Congestion charge is “not perfect” – but it’s coming anyway

PM invites grumblers to come forward with better solutions – if they have them

The debate over a Copenhagen congestion charge flared up again on Wednesday when the prime minister told TV2 News that her plan to implement a toll charge (betalingsring) around the capital city was “not perfect”.

“The government has made a proposal. It is not perfect, but it will solve some of the challenges,” the Socialdemokraterne (S) prime minister Helle Thorning-Schmidt said.

Since October, arguments have raged over whether vehicles should be charged to drive into Copenhagen and, if so, where to place the proposed toll ring. At first the criticism came mainly from the opposition. But after the government released a preliminary drawing showing the proposed borders of the toll ring and then conceded that it could not afford to discount bus and train tickets – as promised during the election campaign – the party faithful began to gripe.

On Wednesday, Thorning-Schmidt welcomed the opposition, as well as critics from the governing partiesÂ’ own ranks, to come forward with their own ideas to improve the plan.

“We are listening to the criticism, of course,” Thorning-Schmidt said.  “But we have to find a solution, and anyone who is against our solution can come forward with suggestions of their own. Right now weÂ’re in the process of listening to everybody who has an interest in this congestion charge. After that, weÂ’ll submit our proposal.”

But instead of praising the PM for showing flexibility, the opposition leaders, Venstre, claimed that Thorning-SchmidtÂ’s statement sounded the death knell for the entire plan.

“When the prime minister is acknowledging that the project is full of problems, I can’t possibly imagine how they expect to push it through parliament,” said Martin Geertsen, Venstre’s spokesperson for the capital region.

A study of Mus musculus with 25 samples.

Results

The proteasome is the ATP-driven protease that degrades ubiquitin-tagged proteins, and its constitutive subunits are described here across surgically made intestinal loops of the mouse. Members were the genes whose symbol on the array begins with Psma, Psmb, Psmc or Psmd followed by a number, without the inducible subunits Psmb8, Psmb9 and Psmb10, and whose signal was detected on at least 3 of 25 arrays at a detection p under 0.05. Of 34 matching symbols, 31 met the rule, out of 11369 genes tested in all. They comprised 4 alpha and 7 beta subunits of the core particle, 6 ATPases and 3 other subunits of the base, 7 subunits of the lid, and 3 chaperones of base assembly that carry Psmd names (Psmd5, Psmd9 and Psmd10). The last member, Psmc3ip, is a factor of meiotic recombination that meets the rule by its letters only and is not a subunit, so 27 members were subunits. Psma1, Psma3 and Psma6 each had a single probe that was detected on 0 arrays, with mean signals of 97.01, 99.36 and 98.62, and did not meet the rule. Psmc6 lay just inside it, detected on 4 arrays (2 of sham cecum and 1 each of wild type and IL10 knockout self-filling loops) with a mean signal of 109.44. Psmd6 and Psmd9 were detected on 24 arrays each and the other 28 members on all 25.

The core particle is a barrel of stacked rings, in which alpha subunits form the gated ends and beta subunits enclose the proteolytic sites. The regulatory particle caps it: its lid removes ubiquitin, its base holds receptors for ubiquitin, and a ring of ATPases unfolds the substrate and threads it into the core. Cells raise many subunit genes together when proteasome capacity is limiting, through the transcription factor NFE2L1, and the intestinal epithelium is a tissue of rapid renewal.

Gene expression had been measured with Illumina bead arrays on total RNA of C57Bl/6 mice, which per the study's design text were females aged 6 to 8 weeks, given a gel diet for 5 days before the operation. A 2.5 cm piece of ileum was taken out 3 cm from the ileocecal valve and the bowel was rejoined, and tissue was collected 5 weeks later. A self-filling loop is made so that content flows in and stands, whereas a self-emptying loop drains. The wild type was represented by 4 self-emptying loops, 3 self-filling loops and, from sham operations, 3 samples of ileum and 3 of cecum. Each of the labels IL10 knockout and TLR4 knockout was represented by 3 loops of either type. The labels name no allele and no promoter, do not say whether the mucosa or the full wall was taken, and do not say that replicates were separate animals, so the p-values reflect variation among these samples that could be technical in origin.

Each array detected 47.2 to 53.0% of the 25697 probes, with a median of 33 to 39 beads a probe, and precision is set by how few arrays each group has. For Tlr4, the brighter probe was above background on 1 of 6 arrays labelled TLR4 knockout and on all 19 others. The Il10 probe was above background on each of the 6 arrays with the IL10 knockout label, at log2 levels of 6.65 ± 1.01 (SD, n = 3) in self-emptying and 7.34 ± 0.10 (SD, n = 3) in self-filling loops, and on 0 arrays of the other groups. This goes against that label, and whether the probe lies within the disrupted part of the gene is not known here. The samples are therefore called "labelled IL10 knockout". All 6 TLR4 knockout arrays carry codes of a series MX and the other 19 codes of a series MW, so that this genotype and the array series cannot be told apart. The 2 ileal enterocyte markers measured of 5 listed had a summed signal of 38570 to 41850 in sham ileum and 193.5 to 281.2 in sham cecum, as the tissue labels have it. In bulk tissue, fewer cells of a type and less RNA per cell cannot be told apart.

“It looks like the initiative is falling apart in the government’s hands. And I hope it does,” added Venstre’s group chairman Kristian Jensen, whose party claims that the congestion charge will slow growth in Copenhagen.

But if the opposition was unrelenting, local mayors and critical members of the governing parties appeared to take more positively to the PMÂ’s remarks.

“I see it as an acknowledgement of the worries that we’ve been expressing,” Rødovre’s mayor Erik Nielsen (S) told Ritzau.

Nielsen is the spokesperson for 15 suburban mayors – many of them from the PM’s party – of councils on the outskirts of Copenhagen, the very councils whose residents may soon have to pay to drive their cars into Copenhagen.

In recent weeks those mayors have been vocal about criticism of the toll ring. They have questioned the proposed borders, and have insisted that the capacity and quality of public transportation must improve before a congestion charge is implemented.

Nielsen expressed hope that the government was now ready to accept some of the mayorsÂ’ demands.

“It’s a really important signal from the prime minister,” he said.

Governing partners Radikale have been accused of not showing complete loyalty to the congestion charge proposal. But after the PMÂ’s statement, Radikale traffic spokesperson Andreas Steenberg announced that a congestion charge was indeed the right solution for the cityÂ’s traffic problems.

“The congestion charge is a good solution … because it gives people a reason to drive at other times of the day or to carpool. Plus it brings in money to improve public transportation,” he said.

However, Steenberg expressed some impatience that the government had not yet managed to publish a report showing how public transportation would be improved or how income from the new tolls would be spent.

“If we would just present the plan for how we are going to improve public transportation between the councils around Copenhagen, I think that many of the surrounding towns would see that it’s a reasonable initiative that will benefit them,” he said.

Socialistisk Folkeparti (SF), the other coalition partner, underscored that the government intended to carry through with the congestion charge, even if the current plan was “not perfect”.

“It’s just a fact that whenever you make such a big change, it creates some inconveniences,” said SF political spokesperson Jesper Petersen. “But the bottom line is that tradesmen and all the others will no longer have to waste thousands of hours waiting in queues whenever they have to drive around in the city.”

The governmentÂ’s far-left ally Enhedslisten also expressed continued support for the congestion charge.

With their support, the government will have the majority it needs to pass the measure – assuming, of course, that it can persuade its own support base that the plan is good enough, despite not being perfect.